Georgia film business is unlikely to face Hollywood abortion boycott
Georgia's thriving film and TV production business is unlikely to be threatened over the state's stance on abortion rights.
Why it matters: Georgia's extremely generous tax breaks have turned it into a production powerhouse over the past 15 years. That's exactly why it's so hard for Hollywood to decouple from the Peach State when it comes to the abortion issue.
- It doesn't hurt that Democratic gubernatorial candidate Stacey Abrams, who has numerous Hollywood backers, has come out against a production boycott, arguing it would only harm workers.
Catch up quick: Last month, a federal appeals court allowed Georgia's ban on abortions after six weeks to take effect. The so-called Heartbeat Bill was passed in 2019 but was struck down in 2020 for two years.
- Back then, multiple studios threatened to move production to other states over the bill. So far, that hasn't happened.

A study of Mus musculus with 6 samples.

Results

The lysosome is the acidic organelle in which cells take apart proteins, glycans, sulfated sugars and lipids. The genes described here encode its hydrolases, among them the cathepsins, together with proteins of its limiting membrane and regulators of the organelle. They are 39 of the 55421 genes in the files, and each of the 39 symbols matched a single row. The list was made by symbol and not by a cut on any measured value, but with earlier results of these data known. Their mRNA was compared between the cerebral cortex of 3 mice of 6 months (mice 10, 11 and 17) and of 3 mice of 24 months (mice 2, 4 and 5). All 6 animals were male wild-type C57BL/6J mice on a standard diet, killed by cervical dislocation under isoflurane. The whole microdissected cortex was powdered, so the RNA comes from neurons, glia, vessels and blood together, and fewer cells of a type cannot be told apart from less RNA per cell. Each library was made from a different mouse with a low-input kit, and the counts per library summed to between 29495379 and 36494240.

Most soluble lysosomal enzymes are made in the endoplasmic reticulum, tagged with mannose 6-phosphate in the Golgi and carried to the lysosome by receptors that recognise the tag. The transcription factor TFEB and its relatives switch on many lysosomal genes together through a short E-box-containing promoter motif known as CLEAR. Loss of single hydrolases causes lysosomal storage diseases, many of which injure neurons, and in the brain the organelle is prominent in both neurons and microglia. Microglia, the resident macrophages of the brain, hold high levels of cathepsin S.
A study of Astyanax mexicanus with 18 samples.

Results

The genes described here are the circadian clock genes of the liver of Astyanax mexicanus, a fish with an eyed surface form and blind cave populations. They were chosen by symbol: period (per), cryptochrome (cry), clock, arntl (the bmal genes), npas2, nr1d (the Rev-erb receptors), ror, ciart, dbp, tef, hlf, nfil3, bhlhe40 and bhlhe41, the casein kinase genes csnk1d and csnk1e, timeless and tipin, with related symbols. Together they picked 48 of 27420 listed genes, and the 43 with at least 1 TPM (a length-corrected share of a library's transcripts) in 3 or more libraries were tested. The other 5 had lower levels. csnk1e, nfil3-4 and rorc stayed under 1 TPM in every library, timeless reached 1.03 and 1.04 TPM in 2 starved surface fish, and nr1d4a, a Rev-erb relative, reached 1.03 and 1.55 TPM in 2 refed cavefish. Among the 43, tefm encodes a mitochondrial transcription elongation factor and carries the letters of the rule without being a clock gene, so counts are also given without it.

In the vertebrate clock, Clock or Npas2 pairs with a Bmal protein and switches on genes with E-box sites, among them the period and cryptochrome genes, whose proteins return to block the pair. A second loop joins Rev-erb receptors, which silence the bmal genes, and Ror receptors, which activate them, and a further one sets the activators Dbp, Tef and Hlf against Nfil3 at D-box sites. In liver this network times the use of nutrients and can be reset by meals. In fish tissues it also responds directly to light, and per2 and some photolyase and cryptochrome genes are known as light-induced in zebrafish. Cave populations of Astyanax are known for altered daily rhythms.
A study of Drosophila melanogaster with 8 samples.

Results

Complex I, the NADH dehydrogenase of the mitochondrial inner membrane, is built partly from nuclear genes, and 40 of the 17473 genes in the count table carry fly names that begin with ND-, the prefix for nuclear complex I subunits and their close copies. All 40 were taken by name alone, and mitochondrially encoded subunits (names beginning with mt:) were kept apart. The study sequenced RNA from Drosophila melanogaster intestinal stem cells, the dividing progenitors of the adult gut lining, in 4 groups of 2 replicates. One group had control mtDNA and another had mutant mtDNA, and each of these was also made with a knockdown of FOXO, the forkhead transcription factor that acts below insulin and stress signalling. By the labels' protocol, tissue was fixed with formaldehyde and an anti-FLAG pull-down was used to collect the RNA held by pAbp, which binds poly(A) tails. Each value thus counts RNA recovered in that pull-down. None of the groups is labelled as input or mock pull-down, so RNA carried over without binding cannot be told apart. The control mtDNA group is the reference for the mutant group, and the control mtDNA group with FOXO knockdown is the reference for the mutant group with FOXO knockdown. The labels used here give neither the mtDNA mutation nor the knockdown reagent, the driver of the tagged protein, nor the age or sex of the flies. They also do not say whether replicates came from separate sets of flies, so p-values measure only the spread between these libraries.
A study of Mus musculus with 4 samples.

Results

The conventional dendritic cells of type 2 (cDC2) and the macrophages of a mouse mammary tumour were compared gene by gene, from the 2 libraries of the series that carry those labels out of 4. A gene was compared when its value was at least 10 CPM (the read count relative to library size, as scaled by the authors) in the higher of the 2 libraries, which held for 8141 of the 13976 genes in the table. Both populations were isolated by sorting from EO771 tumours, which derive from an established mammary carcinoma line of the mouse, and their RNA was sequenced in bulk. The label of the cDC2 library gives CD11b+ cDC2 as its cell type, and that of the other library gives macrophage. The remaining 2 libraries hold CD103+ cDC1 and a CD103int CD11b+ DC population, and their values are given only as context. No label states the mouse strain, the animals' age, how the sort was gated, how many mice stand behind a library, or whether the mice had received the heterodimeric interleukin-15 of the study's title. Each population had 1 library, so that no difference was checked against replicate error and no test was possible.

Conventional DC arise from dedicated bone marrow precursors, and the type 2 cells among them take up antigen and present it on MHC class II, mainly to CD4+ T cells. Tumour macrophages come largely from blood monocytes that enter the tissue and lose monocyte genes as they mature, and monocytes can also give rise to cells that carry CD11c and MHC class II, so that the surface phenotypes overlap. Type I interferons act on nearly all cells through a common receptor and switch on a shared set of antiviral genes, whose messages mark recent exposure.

- Since the Supreme Court weighed in on Roe, studios and their parent companies have largely been silent, other than to come out against the overturn and to promise to cover abortion-related travel as part of employee health benefits.
- Many in the industry are pushing for stronger safety protocols for pregnant employees who are working in states that have outlawed or will outlaw abortion.
The big picture: Georgia's tax program is one of the most generous in the country with no annual cap and tax breaks as high as 30%. In 2021, Georgia handed out $1.2 billion in incentives to studios, the most of any state.
By the numbers: Georgia has rebounded well from the early days of the pandemic, when production shutdowns across the industry cut short what was on pace to be a record year for fiscal year 2020, according to the state.
- It's up more than 50% from the $2.9 billion that was spent in 2019, the last full pre-pandemic fiscal year.
- The $4.4 billion in production spend in fiscal year 2022 was a record for the state. Production spend is up by more than 47 times since the tax program started in 2008.
Editor’s note: The chart was corrected to show revenue was measured in billions. For instance, in 2022, production spend was $4.4 billion, not $4.40.